Anti-gang dress code adopted for fair


The ordinance formalized a long-standing policy prohibiting gang attire and other identifiers at the annual county fair or other county-sponsored events.

The measure became effective Monday immediately after being signed by commissioners and will be in effect for this year’s Walla Walla Frontier Days, which begins next Wednesday.

At a public hearing Monday, three motorcycle club members protested the ordinance, which they said violates free speech rights and would profile club members who wear their emblems as being criminal gang associates.

“To me it just screams a violation of our First Amendment,” said Walla Walla resident Jeremy Sumerlin, president of the Brothers of Liberty Motorcycle Club.

“As long as the county fair is a public event, and not a private event, people should be allowed to wear what they want to wear,” Sumerlin said. “And I understand that there is a need to police the criminal street gang activity in Walla Walla ... but I think addressing it this way, I don’t think is the way to go.”

However, county Sheriff John Turner said that neither the Brothers of Liberty badges on the black leather vest Sumerlin was wearing at the hearing nor the tattoos visible on his neck or arms would be prohibited under the county ordinance.

The ordinance will specify certain gang insignia, “but what you are wearing, sir, is not one of them,” Turner said. “So if you came to our fair dressed exactly like you are dressed, you would have absolutely no problem at all.”

There will be prohibited identifiers for “listed outlaw motorcycle gangs,” which include the Hell’s Angels, the Bandidos, the Pagans and the Outlaws, who are the “big four” outlaw motorcycle gangs as identified by the FBI, Turner said. The FBI also lists “supportive” or “puppet” clubs, such as the Amigos, the Canyon Riders and the Hermanos, which are used to enhance or expand the “criminal infrastructure” of the four major gangs.

Ron Goodall, who said he was a motorcycle club president and was wearing a vest with a Combat Veterans International Motorcycle Club emblem, said he agreed with Sumerlin’s remark and that he believed Turner was “profiling” motorcycle club members.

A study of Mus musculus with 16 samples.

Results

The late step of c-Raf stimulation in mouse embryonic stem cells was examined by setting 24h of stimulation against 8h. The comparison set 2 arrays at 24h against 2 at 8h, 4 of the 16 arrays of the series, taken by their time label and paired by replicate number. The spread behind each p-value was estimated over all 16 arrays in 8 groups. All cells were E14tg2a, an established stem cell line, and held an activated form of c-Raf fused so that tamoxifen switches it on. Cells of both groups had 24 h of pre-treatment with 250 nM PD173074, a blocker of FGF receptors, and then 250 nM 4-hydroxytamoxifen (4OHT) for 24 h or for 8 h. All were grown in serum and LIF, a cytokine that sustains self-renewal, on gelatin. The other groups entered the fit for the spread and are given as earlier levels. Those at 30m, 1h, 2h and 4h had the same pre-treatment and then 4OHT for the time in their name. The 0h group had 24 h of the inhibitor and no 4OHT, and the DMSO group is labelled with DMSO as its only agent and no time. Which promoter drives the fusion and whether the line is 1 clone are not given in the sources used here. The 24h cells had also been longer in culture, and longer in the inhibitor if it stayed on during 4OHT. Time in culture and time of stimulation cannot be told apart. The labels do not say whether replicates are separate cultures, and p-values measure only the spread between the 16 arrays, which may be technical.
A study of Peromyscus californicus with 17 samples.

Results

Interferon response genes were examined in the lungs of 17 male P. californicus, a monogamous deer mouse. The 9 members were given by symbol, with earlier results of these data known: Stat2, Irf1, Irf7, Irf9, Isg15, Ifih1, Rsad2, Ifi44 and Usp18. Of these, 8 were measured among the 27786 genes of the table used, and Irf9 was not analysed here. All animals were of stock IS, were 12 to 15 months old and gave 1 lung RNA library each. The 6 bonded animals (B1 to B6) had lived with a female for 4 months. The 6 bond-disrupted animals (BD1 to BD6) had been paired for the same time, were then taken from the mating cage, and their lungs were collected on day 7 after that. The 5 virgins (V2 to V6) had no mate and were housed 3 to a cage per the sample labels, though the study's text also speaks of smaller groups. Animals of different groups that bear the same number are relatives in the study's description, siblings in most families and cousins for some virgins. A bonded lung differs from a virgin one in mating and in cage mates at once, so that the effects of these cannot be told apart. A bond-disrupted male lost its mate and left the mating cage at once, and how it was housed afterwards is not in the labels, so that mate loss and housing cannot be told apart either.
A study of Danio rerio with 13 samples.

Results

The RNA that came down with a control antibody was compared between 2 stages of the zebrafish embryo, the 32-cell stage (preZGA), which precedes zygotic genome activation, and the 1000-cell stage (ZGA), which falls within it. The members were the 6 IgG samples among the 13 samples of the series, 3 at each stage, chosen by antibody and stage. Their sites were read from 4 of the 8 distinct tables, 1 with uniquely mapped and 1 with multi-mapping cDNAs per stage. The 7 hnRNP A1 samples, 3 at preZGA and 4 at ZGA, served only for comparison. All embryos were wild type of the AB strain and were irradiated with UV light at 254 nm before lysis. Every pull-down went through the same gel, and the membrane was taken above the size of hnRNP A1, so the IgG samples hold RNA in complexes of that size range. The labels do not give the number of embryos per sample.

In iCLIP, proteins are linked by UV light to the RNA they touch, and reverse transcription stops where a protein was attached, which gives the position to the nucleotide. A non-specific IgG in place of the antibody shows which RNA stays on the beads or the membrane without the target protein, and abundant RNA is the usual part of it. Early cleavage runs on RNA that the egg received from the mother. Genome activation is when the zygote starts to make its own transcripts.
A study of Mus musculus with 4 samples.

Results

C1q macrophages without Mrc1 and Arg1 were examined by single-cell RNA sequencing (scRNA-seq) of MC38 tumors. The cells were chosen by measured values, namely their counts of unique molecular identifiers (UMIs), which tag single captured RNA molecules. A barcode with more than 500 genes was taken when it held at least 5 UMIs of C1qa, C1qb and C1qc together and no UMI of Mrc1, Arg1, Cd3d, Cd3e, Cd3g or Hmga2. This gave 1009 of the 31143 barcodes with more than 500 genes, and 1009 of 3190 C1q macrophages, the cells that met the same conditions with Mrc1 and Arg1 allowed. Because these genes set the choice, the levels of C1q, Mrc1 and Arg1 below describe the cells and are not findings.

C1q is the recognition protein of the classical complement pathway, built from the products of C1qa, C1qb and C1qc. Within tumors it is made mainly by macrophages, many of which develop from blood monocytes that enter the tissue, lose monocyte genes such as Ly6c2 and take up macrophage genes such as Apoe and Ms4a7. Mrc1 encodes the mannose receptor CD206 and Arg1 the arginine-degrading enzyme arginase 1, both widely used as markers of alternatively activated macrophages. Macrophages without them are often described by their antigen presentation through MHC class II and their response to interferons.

“Because a person knows somebody else, that doesn’t make them a crook. I don’t think that’s right,” he said. “This is Walla Walla, this isn’t Seattle ... How much problems (does) any biker club (cause)?”

Turner said he “respectfully disagreed” with Goodall’s assertion and, as with Sumerlin, said what Goodall was wearing at the meeting “wouldn’t be a problem” if he wore it at the fair.

Following Goodall was College Place resident John Smith, who said he was “a proud member of the Amigos MC local” and its  chapter president. He said he also felt motorcycle club members were being unfairly painted as criminal associates.

“My biggest concern is that list,” he said. “What that list is saying (is) ‘guilt by association,’ ” Smith said.

“All those support clubs that are on that list under the Bandidos, they’re their own clubs,” Smith said. “They don’t follow Bandido’s rules, they’re not puppet clubs, they don’t do nothing for Bandidos that show support. And that’s all I want to say when you consider that list.”

Before the start of Monday’s hearing, county Deputy Prosecuting Attorney Jesse Nolte said the proposed ordinance was modeled on one passed in Marin County, Calif., “which seemed to be a good template for what we are trying to do.”

Nolte said the Walla Walla County ordinance has been written to “narrowly focus” on specific criminal gang identifiers.

“We’re really trying to ... narrowly tailor this to protect the interests of the county fair, to make the county fair a safe, family-friendly place were any one can attend,” Nolte said. “But there are certain things that people cannot wear and certain activities that people cannot engaged in ... So we’re taking that policy that’s existed since the ’90s and narrowly constructing it to what I think is a legitimate public interest.”

Before voting on the measure, Commissioners Perry Dozier and Jim Duncan both said the intent of the dress code was to ensure public safety.

“For me, the key to this is criminal intent,” Dozier said. “We’re not profiling, we’re not trying to take away somebody’s freedom of speech at all. It is, really ... to try to create a safe environment for those wish to attend any events that the county has sponsored.”